Love and War in the Time of Divorce


Some experts report that it is harder to grieve the loss of a spouse in divorce than it is the death of a close family member.  Death is finite; it’s going to happen to all of us.  But no one goes into a marriage expecting to divorce.  And when the legal divorce process is over, you see your ex-spouse move on with his or life, maybe having found another partner; or maybe flourishing in a new environment with new friends or a new career.  It can be emotionally painful to witness.

All of that emotional confusion and pain has a tendency to activate our fight or flight reaction.  Some people react by withdrawing – “you take everything; I don’t want it.”  And others respond in just the opposite way – “I want everything” – in an effort to punish their soon-to-be ex-spouse.  These are not reactions driven by the part of our brain that controls decision-making and reasoning, but rather are the result of the part of our brain that controls unconscious decisions about safety and security.  And this is how two people who were once in love, planning to spend the rest of their lives together, end up in a legal war to end their marriage.

Divorce does not have to be a war.  Unfortunately, our legal system is traditionally set up in such a way so that two married people have to be litigants in a legal fight, suing one another to divide legal rights to their children and determine how property, money, and debt will be divided.  Our legal system was designed for contract disputes and personal injury cases, not adjudicating love and rights to children.  But luckily, our society is finally starting to realize that we need a better solution for families that doesn’t require them to enter into legal war to get divorced.

Collaborative Divorce is one of those options.  In this divorce process, each spouse and their attorneys together sign a Collaborative Divorce contract that at its core says “we’re not going to litigate against one another.”  It is a private process that takes place away from public courtrooms and if necessary, employs the use of jointly retained professionals, such as a financial professional and a communications specialist, to help the spouses and their attorneys navigate through the issues to resolve in the divorce.  In short, it helps spouses stay in the space of making reasoned, well-thought-out decisions for their future and that of their children, rather than reactive, emotional choices from the part of their brain that makes immediate fight or flight decisions.  In other words, spouses engage in constructive negotiation rather than unproductive war, resulting in a settlement that is specifically designed for your family and not a cookie-cutter solution imposed by the courts.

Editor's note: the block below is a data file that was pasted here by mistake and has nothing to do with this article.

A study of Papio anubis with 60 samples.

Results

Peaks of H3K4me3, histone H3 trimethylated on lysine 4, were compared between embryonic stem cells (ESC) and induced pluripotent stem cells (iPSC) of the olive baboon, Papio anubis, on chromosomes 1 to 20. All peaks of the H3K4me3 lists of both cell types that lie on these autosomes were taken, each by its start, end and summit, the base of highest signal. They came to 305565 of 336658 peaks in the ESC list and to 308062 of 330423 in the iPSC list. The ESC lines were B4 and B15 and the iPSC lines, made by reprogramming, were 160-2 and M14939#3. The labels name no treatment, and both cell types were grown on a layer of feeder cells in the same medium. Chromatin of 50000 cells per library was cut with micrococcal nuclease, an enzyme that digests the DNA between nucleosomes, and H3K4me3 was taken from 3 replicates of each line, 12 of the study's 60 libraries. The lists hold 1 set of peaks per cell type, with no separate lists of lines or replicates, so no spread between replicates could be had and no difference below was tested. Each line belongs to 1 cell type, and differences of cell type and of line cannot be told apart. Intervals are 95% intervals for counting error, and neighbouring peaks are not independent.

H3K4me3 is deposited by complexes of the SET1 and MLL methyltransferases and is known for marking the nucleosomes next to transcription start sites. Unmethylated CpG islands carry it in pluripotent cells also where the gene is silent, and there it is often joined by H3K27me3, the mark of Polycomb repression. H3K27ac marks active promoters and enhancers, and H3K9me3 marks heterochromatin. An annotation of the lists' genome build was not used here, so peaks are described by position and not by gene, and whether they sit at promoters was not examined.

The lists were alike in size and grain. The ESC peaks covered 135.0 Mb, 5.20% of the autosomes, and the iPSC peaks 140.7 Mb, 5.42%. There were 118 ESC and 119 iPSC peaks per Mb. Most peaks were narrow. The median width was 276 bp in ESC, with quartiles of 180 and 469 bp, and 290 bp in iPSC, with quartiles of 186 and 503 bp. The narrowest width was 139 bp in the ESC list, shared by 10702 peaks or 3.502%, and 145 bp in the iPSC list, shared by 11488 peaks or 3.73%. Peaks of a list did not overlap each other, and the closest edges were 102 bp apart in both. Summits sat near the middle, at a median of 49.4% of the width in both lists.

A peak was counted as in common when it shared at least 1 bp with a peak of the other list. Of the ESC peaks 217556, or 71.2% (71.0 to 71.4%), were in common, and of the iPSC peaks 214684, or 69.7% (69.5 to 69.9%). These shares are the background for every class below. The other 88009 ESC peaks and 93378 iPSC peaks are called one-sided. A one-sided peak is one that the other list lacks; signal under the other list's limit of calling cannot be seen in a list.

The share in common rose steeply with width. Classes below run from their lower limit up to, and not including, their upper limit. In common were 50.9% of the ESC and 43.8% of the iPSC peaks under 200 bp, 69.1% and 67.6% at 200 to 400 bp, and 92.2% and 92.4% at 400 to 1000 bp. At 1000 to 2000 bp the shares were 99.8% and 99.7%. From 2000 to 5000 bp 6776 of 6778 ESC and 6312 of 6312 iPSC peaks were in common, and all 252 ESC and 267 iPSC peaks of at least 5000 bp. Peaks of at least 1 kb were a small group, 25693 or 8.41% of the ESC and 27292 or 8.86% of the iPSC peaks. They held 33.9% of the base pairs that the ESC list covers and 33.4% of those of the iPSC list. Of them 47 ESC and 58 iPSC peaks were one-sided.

Rhonda Cleaves is a Credentialed Collaborative Divorce Attorney in Plano.  While most of her clients are from the north Texas counties of Collin, Dallas, Denton, and Tarrant counties, she is licensed to practice law throughout the State of Texas and offers video conferencing services to accommodate clients around the state.  To learn more about how a Collaborative Divorce works, go to her website at www.cleaveslaw.com, or call for a consultation at (972) 403-0333.

Rhonda Cleaves

Rhonda began practicing law in 1995. She left a successful civil trial practice in 2005 to concentrate on family law — specifically, helping families transition to postdivorce life. She now practices exclusively in this area.